9 meteorological terms to better describe the weather

3 min read

You probably watch the weather report — or at least check your weather app — every day, but how much do you really know about what goes on in the atmosphere? Maybe you’ve heard the meteorologist use terms like dew point and Greenhouse Effect, but do you know what they actually mean?

Maybe you just want to know whether or not to bring your umbrella, but we’re going a little deeper today. If you want to impress your friends, and help them prepare for the day ahead, use these terms to show off your climate knowledge.

Wind Scale

The Beaufort Wind Scale was created in 1805 by Sir Francis Beaufort, mainly for use at sea. It measures how strong winds are on a scale of 0 (completely calm) to 12 (hurricane force). The Beaufort Scale was intended for people to be able to judge wind force based on visual cues, like ripples on the water. Be on the lookout for anything stronger than a 6 — that's when you know wind will start to become an obstacle.  

Barometric pressure

Barometric pressure measures the amount of pressure in Earth’s atmosphere. Gravity attracts gases in the atmosphere toward the Earth’s surface, and barometric pressure changes depending on factors like earthly rotation and wind patterns. Changes in barometric pressure can indicate upcoming weather patterns. It’s also known to give some people headaches, so if your wife gets a migraine every time it rains, now you can tell her why.

Dew point

Dew point is when the temperature drops low enough that condensation forms from water vapor in the air. The dew point is not a fixed temperature, like the boiling or freezing points, but it varies based on the air pressure and humidity. All that condensation on your windows and the dew on the grass in the morning? That’s all thanks to the dew point.


Don’t get intimidated — you learned this one in elementary school! Remember the water cycle? Evapotranspiration just means that the water on land — mostly in bodies of water, plants, and soil — evaporates into the air.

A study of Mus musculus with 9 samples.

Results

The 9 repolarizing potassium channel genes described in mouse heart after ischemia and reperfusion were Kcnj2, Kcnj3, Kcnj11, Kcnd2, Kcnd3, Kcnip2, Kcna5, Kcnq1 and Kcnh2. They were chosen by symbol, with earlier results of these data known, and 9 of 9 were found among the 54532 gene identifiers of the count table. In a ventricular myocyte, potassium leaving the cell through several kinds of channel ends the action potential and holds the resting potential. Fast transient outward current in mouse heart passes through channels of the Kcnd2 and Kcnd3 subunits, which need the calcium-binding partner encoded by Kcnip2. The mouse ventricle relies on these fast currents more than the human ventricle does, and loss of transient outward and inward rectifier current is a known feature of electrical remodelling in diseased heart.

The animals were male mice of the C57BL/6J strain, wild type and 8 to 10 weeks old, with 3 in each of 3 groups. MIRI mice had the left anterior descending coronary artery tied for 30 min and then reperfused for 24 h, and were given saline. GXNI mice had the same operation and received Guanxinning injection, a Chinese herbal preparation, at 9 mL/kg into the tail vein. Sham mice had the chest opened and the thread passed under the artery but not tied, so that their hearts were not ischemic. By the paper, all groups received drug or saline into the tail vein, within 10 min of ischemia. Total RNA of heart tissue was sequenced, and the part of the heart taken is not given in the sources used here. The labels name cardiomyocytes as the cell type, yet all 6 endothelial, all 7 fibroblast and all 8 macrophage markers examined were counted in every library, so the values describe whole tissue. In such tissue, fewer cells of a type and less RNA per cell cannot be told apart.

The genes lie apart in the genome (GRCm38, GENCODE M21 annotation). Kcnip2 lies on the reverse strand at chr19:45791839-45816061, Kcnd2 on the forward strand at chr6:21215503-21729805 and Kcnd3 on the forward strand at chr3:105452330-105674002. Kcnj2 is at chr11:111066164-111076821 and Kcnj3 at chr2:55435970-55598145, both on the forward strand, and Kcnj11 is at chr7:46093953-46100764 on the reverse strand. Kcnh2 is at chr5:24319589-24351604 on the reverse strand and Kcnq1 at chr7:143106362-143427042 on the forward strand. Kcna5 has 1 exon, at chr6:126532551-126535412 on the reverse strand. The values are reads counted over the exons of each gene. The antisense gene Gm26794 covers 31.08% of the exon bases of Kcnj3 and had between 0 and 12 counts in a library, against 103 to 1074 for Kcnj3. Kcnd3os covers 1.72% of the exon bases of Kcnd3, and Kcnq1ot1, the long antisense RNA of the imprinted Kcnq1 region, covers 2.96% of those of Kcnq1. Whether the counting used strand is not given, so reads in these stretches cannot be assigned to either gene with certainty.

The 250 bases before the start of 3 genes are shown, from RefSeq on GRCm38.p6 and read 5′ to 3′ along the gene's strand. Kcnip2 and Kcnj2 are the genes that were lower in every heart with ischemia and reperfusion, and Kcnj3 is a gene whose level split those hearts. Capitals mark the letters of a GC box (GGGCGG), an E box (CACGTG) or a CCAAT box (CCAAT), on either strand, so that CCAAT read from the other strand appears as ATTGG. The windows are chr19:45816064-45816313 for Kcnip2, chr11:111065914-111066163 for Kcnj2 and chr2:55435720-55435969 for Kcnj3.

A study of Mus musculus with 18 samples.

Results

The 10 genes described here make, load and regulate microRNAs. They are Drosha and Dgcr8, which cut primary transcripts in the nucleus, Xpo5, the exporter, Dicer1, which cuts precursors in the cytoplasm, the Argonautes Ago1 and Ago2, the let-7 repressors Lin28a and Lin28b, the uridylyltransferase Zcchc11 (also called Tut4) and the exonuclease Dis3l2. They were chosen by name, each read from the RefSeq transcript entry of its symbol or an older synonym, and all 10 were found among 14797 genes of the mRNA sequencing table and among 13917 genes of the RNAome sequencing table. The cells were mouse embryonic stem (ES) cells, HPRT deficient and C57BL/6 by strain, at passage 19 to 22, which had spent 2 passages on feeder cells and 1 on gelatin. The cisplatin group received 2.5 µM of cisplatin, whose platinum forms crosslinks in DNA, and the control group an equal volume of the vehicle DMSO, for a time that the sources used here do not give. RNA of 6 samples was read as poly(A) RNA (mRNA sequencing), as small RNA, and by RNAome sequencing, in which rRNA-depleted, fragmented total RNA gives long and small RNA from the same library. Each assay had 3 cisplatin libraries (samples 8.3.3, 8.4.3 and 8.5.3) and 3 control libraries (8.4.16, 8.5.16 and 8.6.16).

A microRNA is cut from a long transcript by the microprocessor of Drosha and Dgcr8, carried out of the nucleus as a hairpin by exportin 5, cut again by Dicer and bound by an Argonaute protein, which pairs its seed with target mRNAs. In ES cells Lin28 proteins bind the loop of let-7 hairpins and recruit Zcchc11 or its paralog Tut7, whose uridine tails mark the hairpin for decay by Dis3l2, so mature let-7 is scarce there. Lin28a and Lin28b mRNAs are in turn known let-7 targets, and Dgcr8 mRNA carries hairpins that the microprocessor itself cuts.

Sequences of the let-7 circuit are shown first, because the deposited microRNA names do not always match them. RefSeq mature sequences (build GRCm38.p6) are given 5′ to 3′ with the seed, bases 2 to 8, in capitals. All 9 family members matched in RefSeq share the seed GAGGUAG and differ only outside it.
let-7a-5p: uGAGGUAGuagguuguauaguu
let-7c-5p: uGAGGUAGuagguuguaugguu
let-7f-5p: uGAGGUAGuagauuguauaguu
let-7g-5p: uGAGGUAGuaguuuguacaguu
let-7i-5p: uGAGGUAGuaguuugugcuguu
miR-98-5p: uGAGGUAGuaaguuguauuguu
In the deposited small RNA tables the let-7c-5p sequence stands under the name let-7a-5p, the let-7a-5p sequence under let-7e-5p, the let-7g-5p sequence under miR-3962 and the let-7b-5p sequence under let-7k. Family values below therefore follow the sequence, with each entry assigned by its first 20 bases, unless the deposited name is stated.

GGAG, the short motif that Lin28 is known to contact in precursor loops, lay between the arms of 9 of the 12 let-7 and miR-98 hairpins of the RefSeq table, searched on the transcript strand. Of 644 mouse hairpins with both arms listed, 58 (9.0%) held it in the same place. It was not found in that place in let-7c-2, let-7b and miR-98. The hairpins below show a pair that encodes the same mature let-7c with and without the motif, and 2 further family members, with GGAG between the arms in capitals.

You know those weird rings you sometimes see on meteorological maps? Those are called isobars. Isobars show where barometric pressure is the same across the map. So if one region’s barometric pressure is lower than the one next to it, isobars will group similar regions together and separate different ones. It's more effective than state’s borders at showing you weather patterns.

Greenhouse Effect

The Greenhouse Effect is when the sun’s heat gets trapped in Earth’s lower atmosphere. It happens when there are a lot of gases in the atmosphere to trap heat and radiation. They make the planet warmer. The Greenhouse Effect is a cause of global warming, or more accurately, climate change.

Tropical air mass

Tropical air masses form over large bodies of warm water, such as the Gulf of Mexico. Most of the time these air masses stick to the tropics and other hot climates, but as the seasons shift, they sometimes migrate farther. When a tropical air mass moves in, get ready for hot, sticky weather.

Sea surface temperature

Sea surface temperature is exactly what it sounds like — the temperature of the ocean surface. There are a lot of ways to measure it, but buoys and satellites are both common methods. Ocean temperatures are more important than you might think. A change of even a few degrees can change an entire region’s climate.

Rain shadow

Rain shadows are found in mountainous areas. While one side of a mountain range gets rain from a storm, the other side can receive far less. That’s because the mountains form a block that prevents the rain from hitting the other side of the mountain. One side of a mountain could get a healthy level of rainfall while the other side gets barely any at all.